Bees in Hawaii

Iolani Palace had quite the scare with the recent bee infestation. The national historic landmark was shut down for nearly a week as beekeepers and pest control specialists did their best to save seven hives that were found. While devastating to Iolani Palace, the handling of the infestation by beekeepers and pest control specialists alike was a sincere example of how we all do our bests to protect bees. For, enough cannot be said about the importance of bees to our planet. Bees are an invaluable resource to plants, animals, and yes, to us humans as well. Here in Hawaii we are fortunate to have about 70 species of native bees as well as some additional 19 species that have been introduced over time. There are several things we can all do to support our bee populations.


Hawaii Bees


First, grow plants, trees, and herbs that bees use for pollen, pollination, and homage. Grow a variety of plants so something is blooming all the time. Some plants here in Hawaii include maile, hibiscus, gardenia, and koa. There are many plants to attract the bees; check out the University of Hawaii’s long list of plants specific to each island. Orange, mango, and banana trees are great for bees too. How about adding some herbs to the garden? Thyme, oregano, sage, rosemary, and mint are a few examples of herbs that attract bees.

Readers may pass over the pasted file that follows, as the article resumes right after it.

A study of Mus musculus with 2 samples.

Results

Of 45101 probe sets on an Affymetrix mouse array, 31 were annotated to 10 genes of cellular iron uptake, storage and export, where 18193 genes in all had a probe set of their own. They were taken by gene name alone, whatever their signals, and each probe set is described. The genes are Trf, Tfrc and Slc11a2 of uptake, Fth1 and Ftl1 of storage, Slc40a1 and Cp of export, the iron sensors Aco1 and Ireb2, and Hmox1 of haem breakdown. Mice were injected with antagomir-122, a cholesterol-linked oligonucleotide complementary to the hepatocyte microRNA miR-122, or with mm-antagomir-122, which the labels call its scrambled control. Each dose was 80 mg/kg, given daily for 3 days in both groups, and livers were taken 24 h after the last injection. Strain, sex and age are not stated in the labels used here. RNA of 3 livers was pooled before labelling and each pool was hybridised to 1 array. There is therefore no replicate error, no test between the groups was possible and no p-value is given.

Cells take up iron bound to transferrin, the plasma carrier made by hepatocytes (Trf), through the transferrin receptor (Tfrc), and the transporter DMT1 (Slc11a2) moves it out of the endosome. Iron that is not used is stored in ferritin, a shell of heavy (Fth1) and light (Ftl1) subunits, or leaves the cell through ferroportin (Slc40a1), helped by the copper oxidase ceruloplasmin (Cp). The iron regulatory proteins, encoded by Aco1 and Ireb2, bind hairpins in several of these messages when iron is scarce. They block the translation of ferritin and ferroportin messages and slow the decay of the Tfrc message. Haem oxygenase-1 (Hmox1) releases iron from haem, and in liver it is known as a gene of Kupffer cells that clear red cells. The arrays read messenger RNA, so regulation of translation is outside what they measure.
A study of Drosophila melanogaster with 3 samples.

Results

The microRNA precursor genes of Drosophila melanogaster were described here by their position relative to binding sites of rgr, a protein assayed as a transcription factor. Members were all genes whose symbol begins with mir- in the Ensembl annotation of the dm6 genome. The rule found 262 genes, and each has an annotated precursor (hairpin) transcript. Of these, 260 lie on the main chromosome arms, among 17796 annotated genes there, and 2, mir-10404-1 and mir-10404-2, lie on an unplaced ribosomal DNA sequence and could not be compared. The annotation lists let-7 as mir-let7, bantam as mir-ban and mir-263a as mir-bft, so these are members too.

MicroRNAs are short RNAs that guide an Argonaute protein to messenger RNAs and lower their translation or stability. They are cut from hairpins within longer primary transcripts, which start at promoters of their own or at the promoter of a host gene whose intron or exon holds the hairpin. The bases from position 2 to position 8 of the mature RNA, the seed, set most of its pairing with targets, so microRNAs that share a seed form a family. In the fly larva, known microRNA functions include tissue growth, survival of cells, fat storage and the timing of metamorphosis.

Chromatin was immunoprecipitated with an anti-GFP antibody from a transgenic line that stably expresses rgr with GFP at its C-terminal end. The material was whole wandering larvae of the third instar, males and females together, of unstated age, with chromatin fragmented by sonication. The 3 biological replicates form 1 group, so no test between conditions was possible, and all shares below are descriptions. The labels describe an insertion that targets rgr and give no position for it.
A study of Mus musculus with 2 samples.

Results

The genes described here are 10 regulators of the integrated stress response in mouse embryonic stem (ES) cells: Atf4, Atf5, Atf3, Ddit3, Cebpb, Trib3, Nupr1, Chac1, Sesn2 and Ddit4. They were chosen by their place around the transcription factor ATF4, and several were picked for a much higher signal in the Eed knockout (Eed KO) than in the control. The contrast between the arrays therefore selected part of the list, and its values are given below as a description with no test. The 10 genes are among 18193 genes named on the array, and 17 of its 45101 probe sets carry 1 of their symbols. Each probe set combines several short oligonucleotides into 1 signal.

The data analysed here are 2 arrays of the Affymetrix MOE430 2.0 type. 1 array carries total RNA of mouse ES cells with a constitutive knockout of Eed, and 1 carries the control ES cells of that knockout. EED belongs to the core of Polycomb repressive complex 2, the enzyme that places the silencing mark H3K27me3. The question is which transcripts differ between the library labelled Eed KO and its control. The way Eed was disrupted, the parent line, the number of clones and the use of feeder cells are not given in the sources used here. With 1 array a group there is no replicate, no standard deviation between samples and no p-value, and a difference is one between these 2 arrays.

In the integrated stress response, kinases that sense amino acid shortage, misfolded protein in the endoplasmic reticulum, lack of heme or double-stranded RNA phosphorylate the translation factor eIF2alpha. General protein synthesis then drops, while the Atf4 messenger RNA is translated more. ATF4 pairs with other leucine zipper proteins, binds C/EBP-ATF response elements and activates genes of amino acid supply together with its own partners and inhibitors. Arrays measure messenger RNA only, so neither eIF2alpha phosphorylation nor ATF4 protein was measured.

Another way to support bees is by buying from local farmers. Here on Kauai there are farmer’s markets pretty much every day somewhere on the island. The same should be true for all the Hawaiian Islands. Supporting local farmers keeps them growing crops that help bees prosper.

Speaking of local farmers, buying local honey and beeswax also supports bee populations and beekeepers as well. It’s easy to pick up an off-brand of honey in the grocery store, but once you’ve tried fresh, homegrown honey, you will never buy an off-brand again. And, you’ve supported your local economy!

It’s important to our environment and our future to protect and support our bee populations. It’s also important to let bees be; they are never out to get us. If a beehive is discovered in a place it shouldn’t be (like Iolani Palace), please call a local beekeeper, the Hawaii Beekeepers’ Association (808-638-3309), or the Hawaii Bee Removal Hotline (808-492-0398).